This week’s Space to Create interview is a wonderful peek into the creative and colourful life of illustrator and designer Ellen Giggenbach. Her background in graphic design is clearly evident in her signature illustration style of bright, graphic geometric shapes.
Ellen has recently fulfilled a dream of having two books – My Town and My Zoo – published by Templar Publishing. There’s a photo of one of them at the end of the post and you’ll see it’s a whole lot more than just a book!
I’m really happy to be able to share Ellen’s work and creative life with you today, as well as a look at her collections of fab vintage pieces.
Where do you live and create?
I am very blessed to be able to live and create in my sunny 2 story house, located in the little seaside village, Eastbourne across from Wellington harbour in New Zealand. I share my life with a wonderful husband and my 2 ever entertaining teenaged sons.
We have tree covered hills, buzzing with the call of native birds on one side and the tranquil beach and harbour on the other, I walk almost every day with my girlfriends, it’s important for me to get out, especially as I work alone.
I have always been crazy about all things mid century so you can imagine my joy when we found our 1950’s home! It is surprisingly modern with fabulously authentic features such as hessian wallpaper and glass backed alcoves for displaying glassware. My home is filled with colour and mid century treasures, anything deemed too girly is relegated to my upstairs studio!
When do you create? Is it a full time job?
With the support of my family, I have been able to grow my career by working full time from when my family leave in the morning until it’s time to pack up in the afternoon and become mum again.
What path led you to this creative place?
I was born in Germany and when I was a little girl, we emigrated to New Zealand so that my father could further his study of volcanoes. Although he was a scientist both he and my mum where very creative people – my dad made almost all the furniture in our house and my mum was a seamstress who sewed most of our clothes (which was a real blessing, as at that time New Zealand was seriously behind the rest of the world).
My sister and I spent most of our free time sewing, drawing and crafting. Our house was a mix of modern and traditional folk, a feature that is evident in my designs style.
During my teens, my father’s 3 year appointment at the United Nations took us to live in Vienna where I began my studies at the graphic arts school. On returning back to New Zealand I completed a 3 year Graphics course and was awarded a Diploma with Distinction.
I only lasted one year as a graphic designer at an advertising agency as I decided early on that I preferred the freedom and limitless possibilities that come from being self employed. After several years freelancing for ad agencies I formed my own clothing business which I ran successfully with my husband for some years. I down sized my career while my children where very young, and for the last 5 years I have steadily rebuilt my profile and like a snow ball it has been steadily growing in momentum!
What’s your elevator pitch? How do you describe what I do?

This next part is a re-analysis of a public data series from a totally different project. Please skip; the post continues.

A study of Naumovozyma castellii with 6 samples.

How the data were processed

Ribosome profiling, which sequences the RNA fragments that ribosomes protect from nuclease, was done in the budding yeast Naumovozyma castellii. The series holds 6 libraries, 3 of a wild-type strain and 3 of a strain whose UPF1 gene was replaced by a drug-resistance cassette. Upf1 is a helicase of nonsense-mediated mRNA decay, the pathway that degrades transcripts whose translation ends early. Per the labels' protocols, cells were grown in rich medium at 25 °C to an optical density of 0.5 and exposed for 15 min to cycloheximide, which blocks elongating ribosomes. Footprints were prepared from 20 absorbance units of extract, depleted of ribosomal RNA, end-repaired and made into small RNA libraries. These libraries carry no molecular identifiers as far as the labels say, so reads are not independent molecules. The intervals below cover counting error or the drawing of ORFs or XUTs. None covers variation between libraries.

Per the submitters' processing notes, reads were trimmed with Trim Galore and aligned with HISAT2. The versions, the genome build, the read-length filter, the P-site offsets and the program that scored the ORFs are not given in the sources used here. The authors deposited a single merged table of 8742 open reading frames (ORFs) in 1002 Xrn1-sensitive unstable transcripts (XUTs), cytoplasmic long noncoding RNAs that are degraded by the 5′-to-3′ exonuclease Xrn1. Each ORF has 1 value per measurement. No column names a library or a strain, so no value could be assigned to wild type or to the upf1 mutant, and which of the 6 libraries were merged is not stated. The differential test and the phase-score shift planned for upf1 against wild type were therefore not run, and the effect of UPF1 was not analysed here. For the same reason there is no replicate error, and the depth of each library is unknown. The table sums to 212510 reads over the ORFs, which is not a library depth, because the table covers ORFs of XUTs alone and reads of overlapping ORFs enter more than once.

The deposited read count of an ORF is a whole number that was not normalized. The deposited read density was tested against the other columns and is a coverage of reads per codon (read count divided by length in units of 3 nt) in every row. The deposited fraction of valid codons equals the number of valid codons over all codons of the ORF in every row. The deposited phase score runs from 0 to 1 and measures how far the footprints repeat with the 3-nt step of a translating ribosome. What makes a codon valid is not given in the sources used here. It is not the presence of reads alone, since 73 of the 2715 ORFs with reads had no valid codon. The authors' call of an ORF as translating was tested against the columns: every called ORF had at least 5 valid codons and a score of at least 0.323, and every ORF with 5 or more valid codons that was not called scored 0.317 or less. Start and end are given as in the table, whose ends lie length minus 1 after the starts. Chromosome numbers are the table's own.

My artworks are created by hand cutting paper which I have previously painted in a large variety of colours and hues. I then assemble the pieces which I have cut into simple, pleasing shapes. I often rearrange them several times till I am happy with the balance of colour. In a world that can be so serious,I aim to make art, filled with colour and joy.
How would you describe yourself in 6 words?
Embarrassing (according to my teenagers!)
Where do you find inspiration and motivation?
For me, it’s absolutely vital that I am surrounded by things that are visually pleasing to me, therefore you can see from the images that I have quite a collection of inspirational items from vintage fabrics and ceramics to mid century children’s books!
I also enjoy my favourite blogs and for eye candy nothing beats Pinterest!
I think the greatest motivators are the wonderfully supportive feedback I have received from around the globe, taking on new, challenging and exciting projects and the fantastic buzz that comes from successfully transforming a few bits of white paper into a new piece of art.
What are the essential items in your work space?
I have a great set up, I don’t have to dress up! I can listen to any music I like! so all I need apart from that are my art supplies such as paper, paint and a scalpel.
What advice do you have for aspiring creatives?
My biggest advice is to let people know about you! Don’t be shy, if you find a company you would like to work for, send a few of your best images to them. I have not had success with agents, I feel no one can sell you better than yourself. A website, Facebook page and blog are essential. The great thing is that it doesn’t matter any more where you live! Look at me I’m at the bottom the world!
Do you have a dream that you’d love to fulfill?
I am so very happy with my career, one of my dreams was to design a series of paper folding books, this is being realised so really my last dream would be to have a retail outlet like Orla Kiely selling seasonal collections of paper products and home wares. It would be a fabulous challenge, something I will always be up for!<
See what I mean about the beautiful fold out My Zoo book? So good! Thanks Ellen for sharing your creative space and your work with us… it has been a welcome pop of colour and fun in my day.
If you’d like to catch up on previous interviews in my Space to Create series just click through.